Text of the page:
How the Aftermarket Parts Industry Is Adapting to the Rise of EVs
This article was originally published on AftermarketNews.com
A lot of auto industry experts aren’t sure when EVs will become standard. However, they’re pretty sure that once the mid-2020s rolls around, EVs will be comparable to or cheaper to buy and operate than internal combustion vehicles. Once we reach that point, it’s likely that EVs will be on the fast track to market domination.
Much like the auto industry, the aftermarket parts industry will look quite different when EVs take over the market. Aftermarket manufacturers have to roll with the changes if they want to stick around. A big part of that is knowing what to expect. Which parts will stay, and which parts will be phased out? Are there going to be any new parts?
Parts That Will Stay
EVs and gas-powered vehicles drastically differ from each other in terms of design, but they both share some of the same parts:
- Suspension components (shocks, struts, etc.)
- Body parts
Note that the designs of some of these parts are still going to be different in EVs.
Parts That Will be Phased Out
Electric vehicle motors have about 20 moving parts, which is a big decrease from the 2,000 moving parts in internal combustion engines. That means a lot of parts will be phased out, including:
- Fuel system parts (Fuel tanks, pumps, filters, etc.)
- Engine parts (Oil and air filters, spark plugs, starters, etc.)
- Exhaust system parts (mufflers, oxygen sensors, catalytic converters, etc.)
- Multi-gear transmissions
What Will be New?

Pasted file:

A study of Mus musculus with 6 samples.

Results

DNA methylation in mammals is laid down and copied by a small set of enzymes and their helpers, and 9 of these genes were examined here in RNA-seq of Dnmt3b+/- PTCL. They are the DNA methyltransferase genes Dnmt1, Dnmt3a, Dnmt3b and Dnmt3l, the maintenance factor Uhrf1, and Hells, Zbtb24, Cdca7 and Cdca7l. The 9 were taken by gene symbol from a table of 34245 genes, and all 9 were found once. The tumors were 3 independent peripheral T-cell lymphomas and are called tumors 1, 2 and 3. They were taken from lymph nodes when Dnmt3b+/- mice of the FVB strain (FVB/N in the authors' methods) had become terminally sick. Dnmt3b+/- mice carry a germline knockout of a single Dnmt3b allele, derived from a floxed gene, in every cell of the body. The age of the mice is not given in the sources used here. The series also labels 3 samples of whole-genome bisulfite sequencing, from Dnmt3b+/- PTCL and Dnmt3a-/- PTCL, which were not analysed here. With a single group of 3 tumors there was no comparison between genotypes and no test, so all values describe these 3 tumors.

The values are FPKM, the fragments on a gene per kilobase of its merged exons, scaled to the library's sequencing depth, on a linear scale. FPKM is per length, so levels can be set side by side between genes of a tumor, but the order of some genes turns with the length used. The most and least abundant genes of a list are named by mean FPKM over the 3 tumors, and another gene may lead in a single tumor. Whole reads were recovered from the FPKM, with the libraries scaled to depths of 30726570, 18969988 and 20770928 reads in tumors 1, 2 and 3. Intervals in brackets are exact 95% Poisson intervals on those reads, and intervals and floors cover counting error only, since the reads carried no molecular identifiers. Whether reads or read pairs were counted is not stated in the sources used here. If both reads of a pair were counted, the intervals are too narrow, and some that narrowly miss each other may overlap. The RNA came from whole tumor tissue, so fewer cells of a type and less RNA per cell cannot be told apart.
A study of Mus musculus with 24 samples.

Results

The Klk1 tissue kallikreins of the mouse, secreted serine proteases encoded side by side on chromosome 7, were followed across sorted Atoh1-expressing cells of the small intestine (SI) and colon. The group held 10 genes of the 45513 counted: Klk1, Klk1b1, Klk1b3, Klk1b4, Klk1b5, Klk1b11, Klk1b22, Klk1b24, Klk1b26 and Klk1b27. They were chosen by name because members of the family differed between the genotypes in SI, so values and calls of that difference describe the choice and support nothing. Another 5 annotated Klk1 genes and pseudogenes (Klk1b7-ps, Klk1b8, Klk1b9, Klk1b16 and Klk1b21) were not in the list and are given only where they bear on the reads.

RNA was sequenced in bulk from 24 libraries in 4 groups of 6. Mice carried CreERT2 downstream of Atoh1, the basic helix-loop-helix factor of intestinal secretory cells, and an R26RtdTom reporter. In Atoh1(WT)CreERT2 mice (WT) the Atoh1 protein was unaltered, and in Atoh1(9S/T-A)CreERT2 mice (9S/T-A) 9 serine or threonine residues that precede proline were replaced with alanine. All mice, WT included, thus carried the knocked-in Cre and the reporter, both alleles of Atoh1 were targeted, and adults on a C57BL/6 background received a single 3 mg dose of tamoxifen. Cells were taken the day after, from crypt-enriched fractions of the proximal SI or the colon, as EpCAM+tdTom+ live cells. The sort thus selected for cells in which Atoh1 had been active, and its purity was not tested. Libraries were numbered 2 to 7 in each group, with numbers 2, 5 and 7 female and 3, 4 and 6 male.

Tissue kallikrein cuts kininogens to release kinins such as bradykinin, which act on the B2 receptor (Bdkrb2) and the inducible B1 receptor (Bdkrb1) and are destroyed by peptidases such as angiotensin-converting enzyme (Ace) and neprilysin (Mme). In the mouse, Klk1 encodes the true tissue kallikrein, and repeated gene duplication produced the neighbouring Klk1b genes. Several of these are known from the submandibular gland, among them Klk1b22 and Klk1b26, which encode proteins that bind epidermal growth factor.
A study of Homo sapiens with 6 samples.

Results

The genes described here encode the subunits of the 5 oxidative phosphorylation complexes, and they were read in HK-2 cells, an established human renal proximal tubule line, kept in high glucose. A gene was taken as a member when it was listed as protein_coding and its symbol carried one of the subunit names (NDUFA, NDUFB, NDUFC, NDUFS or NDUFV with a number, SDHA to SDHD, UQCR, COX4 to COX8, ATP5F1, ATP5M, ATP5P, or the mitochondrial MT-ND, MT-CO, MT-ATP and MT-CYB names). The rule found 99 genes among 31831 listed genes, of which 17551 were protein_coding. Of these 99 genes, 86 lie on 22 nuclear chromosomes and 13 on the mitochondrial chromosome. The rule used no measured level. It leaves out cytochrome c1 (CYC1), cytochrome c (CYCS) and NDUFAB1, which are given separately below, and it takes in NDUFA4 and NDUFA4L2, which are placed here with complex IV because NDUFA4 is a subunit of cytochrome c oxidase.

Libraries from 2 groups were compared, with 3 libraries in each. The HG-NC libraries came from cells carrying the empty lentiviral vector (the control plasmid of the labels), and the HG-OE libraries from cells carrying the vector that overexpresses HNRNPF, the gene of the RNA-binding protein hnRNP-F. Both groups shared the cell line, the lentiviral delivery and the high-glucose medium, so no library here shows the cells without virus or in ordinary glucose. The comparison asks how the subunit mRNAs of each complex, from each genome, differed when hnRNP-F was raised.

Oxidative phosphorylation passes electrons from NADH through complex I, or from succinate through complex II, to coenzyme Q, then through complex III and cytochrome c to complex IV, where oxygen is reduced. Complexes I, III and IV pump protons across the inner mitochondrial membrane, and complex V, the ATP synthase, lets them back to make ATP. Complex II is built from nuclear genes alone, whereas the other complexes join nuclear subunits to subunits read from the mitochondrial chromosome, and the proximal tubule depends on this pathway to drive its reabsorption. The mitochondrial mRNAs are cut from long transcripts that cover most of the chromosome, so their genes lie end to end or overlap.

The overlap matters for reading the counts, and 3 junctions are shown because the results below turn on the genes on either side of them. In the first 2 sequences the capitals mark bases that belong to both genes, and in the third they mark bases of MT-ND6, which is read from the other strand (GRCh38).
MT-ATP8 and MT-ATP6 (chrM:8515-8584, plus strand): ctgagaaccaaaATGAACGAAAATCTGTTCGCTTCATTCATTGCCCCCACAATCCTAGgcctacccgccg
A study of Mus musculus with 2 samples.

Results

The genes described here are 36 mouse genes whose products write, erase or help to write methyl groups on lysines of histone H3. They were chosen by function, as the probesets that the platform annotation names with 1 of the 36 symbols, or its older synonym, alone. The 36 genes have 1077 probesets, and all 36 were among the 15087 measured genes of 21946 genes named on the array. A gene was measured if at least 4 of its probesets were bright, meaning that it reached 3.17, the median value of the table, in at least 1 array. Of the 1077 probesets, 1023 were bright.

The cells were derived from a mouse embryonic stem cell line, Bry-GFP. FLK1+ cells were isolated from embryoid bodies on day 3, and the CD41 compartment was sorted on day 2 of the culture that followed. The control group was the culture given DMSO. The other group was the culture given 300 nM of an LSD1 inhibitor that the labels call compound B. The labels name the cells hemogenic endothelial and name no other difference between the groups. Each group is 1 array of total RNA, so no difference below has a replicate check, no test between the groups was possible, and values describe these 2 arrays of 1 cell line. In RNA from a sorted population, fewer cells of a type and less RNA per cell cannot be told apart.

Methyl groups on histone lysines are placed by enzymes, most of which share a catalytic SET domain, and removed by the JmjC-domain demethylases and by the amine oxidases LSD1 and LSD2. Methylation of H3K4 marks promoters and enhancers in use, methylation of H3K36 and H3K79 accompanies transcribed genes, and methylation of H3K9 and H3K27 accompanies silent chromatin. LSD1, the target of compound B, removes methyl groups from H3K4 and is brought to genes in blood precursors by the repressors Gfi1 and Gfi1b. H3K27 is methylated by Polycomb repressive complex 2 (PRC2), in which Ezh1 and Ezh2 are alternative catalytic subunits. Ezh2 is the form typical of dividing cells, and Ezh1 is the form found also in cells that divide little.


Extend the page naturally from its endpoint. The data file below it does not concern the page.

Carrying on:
The rise of EVs will bring some entirely new parts to the table, including:
- Single speed gear boxes
- Motor controllers
- Electric motors
- Regenerative braking systems
- Electrically driven water pumps, steering pumps, air conditioners, etc.
The Smart Way for Aftermarket Parts Manufacturers to Roll With the Changes
If an aftermarket auto parts manufacturer wants to stay relevant, they’ll focus on the parts that will stick around and start developing the parts that will come into the picture as EVs rise in popularity. They’ll also develop innovative solutions that solve the problems that come with stock EV parts. These should be relatively easy projects to pursue because there will be some issues with OEM parts during the infancy of the EV boom. While automakers work out the kinks in their early EV models, aftermarket parts manufacturers can beat them to the solution with new and improved parts.
The parts that are only relevant to internal combustion engines will still be produced by some niche aftermarket parts manufacturers. It will still take ten or twenty years for demand for these parts to drop. However, these companies will have to figure out how to stay relevant in an EV-dominated market.
The bottom line: expect to see a lot aftermarket companies phase out their internal combustion engine parts to make room for EV parts.